Last week the Gerald R. Ford Presidential Library became the first presidential library to appoint a Wikipedian-in-residence. For those who haven’t heard of the phenomenon, LIS institutions and museums have been hiring “Wikipedians” over the last few years to do a number of things, including: editing/updating the Wikipedia pages that pertain to their subject, uploading digital and digitized content to Wikimedia Commons, and fostering connections between their institutions and interested online users.
An article about the Ford Library Wikipedian, Michael Barera, a master’s student in the University of Michigan School of Information, emphasizes that Barera’s duties go beyond the editing of articles: “Barera’s task is to help Wikipedia users tap into the resources of the Ford Library and Museum. ‘It’s about creating a resource that other people can use as they see fit,’ Barera said. ‘There’s a lot of great stuff, a lot of great resources, a lot of great information.'”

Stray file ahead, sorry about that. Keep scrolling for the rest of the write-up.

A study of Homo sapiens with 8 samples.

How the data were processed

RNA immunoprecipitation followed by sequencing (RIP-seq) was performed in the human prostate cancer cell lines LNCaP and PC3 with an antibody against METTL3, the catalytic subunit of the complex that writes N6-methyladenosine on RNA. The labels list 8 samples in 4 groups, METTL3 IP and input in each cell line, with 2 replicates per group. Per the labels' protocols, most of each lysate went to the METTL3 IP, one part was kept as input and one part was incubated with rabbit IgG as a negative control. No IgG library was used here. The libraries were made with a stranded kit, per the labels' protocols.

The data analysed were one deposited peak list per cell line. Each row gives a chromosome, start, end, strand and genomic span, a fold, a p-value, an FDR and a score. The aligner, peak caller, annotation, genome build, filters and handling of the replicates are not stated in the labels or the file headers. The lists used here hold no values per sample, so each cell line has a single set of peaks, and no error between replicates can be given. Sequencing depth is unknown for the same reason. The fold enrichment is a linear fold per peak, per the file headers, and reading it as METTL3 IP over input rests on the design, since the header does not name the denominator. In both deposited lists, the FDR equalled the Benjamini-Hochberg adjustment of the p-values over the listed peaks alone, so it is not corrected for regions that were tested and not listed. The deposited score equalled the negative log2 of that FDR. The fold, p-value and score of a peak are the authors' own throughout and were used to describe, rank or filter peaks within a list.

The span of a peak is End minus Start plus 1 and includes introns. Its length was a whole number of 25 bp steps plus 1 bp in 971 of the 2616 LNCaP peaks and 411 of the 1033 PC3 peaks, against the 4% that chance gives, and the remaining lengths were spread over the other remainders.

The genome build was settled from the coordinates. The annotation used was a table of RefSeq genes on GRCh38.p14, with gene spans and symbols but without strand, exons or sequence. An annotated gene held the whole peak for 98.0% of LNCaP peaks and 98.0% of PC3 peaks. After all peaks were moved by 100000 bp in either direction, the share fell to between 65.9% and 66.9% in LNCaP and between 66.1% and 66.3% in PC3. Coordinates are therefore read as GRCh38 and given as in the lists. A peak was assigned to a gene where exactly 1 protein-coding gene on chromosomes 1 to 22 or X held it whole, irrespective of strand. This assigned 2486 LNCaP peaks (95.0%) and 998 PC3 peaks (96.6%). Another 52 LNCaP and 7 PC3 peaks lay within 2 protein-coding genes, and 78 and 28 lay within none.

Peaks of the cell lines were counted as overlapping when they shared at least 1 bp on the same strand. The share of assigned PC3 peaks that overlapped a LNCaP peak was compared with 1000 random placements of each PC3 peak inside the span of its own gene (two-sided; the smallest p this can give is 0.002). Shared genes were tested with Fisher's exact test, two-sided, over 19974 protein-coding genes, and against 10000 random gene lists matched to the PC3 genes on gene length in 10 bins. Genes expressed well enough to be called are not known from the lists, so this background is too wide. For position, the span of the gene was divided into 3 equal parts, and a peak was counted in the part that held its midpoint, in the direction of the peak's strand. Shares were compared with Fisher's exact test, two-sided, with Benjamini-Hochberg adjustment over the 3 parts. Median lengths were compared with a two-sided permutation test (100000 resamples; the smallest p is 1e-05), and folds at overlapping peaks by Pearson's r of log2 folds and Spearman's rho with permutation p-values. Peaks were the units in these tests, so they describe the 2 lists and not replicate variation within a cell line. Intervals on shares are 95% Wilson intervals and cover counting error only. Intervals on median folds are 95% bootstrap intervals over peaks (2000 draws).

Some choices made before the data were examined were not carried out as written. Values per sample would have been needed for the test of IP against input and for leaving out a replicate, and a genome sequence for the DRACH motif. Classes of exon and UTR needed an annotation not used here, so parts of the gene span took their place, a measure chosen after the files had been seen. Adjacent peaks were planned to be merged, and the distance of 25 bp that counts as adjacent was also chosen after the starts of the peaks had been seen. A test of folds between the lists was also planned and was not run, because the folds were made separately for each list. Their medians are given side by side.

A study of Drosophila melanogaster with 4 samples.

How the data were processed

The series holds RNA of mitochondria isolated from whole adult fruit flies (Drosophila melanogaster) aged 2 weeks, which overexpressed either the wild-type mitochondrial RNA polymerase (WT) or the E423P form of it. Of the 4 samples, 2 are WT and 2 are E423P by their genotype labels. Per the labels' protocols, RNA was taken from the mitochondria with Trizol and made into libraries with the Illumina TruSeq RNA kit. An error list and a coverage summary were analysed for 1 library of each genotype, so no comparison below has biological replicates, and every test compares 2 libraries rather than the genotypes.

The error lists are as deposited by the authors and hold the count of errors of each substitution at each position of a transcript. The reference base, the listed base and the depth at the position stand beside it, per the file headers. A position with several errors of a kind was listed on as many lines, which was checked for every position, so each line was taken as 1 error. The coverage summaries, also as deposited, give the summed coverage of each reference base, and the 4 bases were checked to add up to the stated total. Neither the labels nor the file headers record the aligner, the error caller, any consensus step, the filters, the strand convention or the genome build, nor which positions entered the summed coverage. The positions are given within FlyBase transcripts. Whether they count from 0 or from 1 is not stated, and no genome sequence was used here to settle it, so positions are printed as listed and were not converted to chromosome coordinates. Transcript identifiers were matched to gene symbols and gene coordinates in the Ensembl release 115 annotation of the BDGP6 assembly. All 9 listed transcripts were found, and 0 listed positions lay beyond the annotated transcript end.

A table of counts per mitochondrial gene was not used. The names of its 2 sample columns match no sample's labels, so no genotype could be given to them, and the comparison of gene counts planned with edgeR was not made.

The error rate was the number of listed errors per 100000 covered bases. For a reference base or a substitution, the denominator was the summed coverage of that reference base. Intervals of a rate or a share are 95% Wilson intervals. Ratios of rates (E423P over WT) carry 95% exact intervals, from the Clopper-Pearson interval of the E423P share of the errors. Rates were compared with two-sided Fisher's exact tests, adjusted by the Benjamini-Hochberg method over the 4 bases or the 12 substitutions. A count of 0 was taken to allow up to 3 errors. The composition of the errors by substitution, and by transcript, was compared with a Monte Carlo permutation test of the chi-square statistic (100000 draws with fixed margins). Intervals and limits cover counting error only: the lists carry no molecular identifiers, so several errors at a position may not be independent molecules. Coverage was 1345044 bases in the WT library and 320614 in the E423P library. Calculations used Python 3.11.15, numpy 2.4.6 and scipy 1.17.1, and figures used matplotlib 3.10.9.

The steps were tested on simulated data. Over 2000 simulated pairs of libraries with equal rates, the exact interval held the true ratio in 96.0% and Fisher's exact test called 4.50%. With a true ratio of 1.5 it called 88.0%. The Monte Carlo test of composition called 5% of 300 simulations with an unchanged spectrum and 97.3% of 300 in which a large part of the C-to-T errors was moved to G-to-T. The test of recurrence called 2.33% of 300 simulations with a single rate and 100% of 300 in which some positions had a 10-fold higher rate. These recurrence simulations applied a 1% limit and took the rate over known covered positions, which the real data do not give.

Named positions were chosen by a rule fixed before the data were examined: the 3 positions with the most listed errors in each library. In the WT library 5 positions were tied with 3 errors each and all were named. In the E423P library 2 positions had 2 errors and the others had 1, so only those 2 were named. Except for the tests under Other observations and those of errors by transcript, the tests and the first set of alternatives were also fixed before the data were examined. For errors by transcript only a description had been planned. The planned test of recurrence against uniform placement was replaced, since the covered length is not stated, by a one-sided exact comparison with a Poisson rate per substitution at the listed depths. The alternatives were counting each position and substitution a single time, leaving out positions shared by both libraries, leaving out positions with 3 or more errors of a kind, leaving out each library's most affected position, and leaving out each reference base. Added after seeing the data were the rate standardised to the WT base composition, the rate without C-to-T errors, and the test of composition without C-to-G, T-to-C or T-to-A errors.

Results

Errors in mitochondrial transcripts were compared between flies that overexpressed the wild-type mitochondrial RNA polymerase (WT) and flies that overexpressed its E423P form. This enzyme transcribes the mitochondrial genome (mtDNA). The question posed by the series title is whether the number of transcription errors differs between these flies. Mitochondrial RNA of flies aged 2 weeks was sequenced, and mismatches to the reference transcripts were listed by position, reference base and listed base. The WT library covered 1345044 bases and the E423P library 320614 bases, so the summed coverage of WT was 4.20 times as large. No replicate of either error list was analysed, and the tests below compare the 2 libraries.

While some may find the idea of a Wikipedian-in-residence ridiculous, I think this represents a huge effort on the part of the Ford Library to stay current, expand the use of its collections, and adopt a more user-centered outreach philosophy.
I also think that the appointment of Wikipedians at various heritage institutions represents a major shift in the way that they view themselves, their users, and online scholarship/education. Ten years ago when I was in high school we were discouraged from using Wikipedia at all; it was not to be trusted or, heaven forbid, cited. Five years ago when I was an undergraduate the tune had changed a bit; Wikipedia was a fine place to get started and acquire some general knowledge, but it should only survey as a springboard towards real, legitimate sources. Last semester in my Instruction Services class, our professor urged us to encourage students/patrons to use Wikipedia for general/base knowledge, to think critically about the accuracy/bias of the entries, and to mine the Reference sections of Wikipedia pages for citable sources about their topics.
I think this progression is encouraging and certainly represents the efforts of many progressive librarians who realize that as a profession we need to seek out collaborative projects, partnerships, and opportunities to ensure our relevance, worth, and sustainability.